Mexican Yellow (Eurema mexicana [Boisduval])
Wing span: 1 3/4 - 2 1/2 inches (4.4 - 6.3 cm).
Identification: Upper surface is creamy white with indented black borders which outline a "dog's head" on forewings; more pronounced in male. Hindwing with projecting tail-like points.
Life history: None reported.
Flight: Midsummer to fall as vagrant, all year in tropics.
Caterpillar hosts: Acacia and Diphysa in the pea family (Fabaceae).
Adult food: Nectar from a wide variety of flowers.
Habitat: Open, dry areas: flats, hillsides, deserts, prairies. Found in moister areas in Mexico and Central America.
Range: Resident from Central America north to South Texas and the Southwest; common vagrant in Great Plains and Southwest deserts; rare migrant to Mississippi, Arkansas, Illinois, and Michigan.
Conservation: Not usually required.
Management needs: None reported.
The Nature Conservancy Global Rank: G5 - Demonstrably secure globally, though it may be quite rare in parts of its range, especially at the periphery.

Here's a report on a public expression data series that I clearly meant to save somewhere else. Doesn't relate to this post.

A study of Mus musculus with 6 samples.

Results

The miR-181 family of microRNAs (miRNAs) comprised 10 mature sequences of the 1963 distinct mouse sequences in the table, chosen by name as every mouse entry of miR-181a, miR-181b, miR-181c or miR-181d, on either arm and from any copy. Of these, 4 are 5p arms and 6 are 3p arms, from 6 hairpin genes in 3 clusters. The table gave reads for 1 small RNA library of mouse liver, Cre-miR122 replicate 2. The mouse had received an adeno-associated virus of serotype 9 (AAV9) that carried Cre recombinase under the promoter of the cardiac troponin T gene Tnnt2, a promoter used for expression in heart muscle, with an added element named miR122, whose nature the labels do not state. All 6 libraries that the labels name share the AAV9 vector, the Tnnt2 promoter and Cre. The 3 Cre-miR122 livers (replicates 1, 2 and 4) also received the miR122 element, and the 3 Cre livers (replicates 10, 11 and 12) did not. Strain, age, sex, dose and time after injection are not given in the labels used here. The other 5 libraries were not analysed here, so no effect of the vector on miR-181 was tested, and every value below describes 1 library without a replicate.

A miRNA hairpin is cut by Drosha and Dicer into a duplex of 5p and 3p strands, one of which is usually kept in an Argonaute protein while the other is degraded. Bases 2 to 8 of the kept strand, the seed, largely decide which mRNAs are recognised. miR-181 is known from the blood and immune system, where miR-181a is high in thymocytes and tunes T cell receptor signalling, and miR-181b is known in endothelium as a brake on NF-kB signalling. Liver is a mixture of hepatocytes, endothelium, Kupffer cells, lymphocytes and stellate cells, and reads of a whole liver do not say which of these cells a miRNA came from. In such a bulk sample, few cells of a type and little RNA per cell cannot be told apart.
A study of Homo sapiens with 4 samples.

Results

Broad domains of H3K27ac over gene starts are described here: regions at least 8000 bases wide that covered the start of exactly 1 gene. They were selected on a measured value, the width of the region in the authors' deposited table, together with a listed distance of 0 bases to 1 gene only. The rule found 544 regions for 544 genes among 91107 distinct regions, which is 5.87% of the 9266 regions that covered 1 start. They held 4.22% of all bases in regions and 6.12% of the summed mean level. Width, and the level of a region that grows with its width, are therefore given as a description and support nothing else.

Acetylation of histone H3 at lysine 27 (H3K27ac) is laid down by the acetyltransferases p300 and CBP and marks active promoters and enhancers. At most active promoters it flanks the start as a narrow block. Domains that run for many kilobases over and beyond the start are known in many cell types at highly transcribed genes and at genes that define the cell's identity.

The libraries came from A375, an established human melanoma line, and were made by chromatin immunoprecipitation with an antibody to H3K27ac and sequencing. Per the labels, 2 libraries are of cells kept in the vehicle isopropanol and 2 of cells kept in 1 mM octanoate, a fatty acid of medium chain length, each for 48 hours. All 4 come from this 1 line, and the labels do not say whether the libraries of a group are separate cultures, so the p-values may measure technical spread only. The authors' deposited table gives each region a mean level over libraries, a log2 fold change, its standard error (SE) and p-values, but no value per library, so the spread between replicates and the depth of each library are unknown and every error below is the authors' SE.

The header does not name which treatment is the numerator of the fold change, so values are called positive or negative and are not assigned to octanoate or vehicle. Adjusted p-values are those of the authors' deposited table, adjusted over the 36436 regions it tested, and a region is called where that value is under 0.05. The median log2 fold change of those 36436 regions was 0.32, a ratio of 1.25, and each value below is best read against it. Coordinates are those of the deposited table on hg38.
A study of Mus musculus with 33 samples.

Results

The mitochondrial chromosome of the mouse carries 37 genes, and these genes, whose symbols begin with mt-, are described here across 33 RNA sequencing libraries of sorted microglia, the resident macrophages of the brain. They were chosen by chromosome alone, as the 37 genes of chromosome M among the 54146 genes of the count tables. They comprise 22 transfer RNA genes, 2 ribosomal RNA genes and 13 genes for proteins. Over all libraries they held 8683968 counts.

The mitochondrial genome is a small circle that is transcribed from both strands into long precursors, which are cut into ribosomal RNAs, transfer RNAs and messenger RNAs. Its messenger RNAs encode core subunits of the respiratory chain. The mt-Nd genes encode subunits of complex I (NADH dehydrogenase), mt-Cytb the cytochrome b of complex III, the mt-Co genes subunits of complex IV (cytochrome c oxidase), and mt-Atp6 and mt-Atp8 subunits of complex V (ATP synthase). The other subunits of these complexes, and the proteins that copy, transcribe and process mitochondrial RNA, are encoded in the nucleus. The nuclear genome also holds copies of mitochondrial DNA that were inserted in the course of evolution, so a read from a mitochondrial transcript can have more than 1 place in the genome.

DeVries, P. J. 1987. The butterflies of Costa Rica and their natural history. Princeton University Press, Princeton, New Jersey. 327 pages, 50 color plates. Opler, P. A. and G. O. Krizek. 1984. Butterflies east of the Great Plains. Johns Hopkins University Press, Baltimore. 294 pages, 54 color plates. Opler, P. A. and V. Malikul. 1992. A field guide to eastern butterflies. Peterson field guide #4. Houghton-Mifflin Co., Boston. 396 pages, 48 color plates. Scott, J. A. 1986. The butterflies of North America. Stanford University Press, Stanford, Calif. 583 pages, 64 color plates.
Author: Jane M. Struttmann
State and Regional References:
Layberry, R.A., Hall, P.W. & Lafontaine, D.J., 1998. The Butterflies of Canada. University of Toronto Press, Toronto, ON. 280 pp. Nielsen, Mogens C., 1999. Michigan Butterflies and Skippers: A Field Guide and Reference. Michigan State University Extension, East Lansing, MI. 248 pp. Opler, P.A. 1998. A field guide to eastern butterflies, revised format. Houghton Mifflin Co., Boston.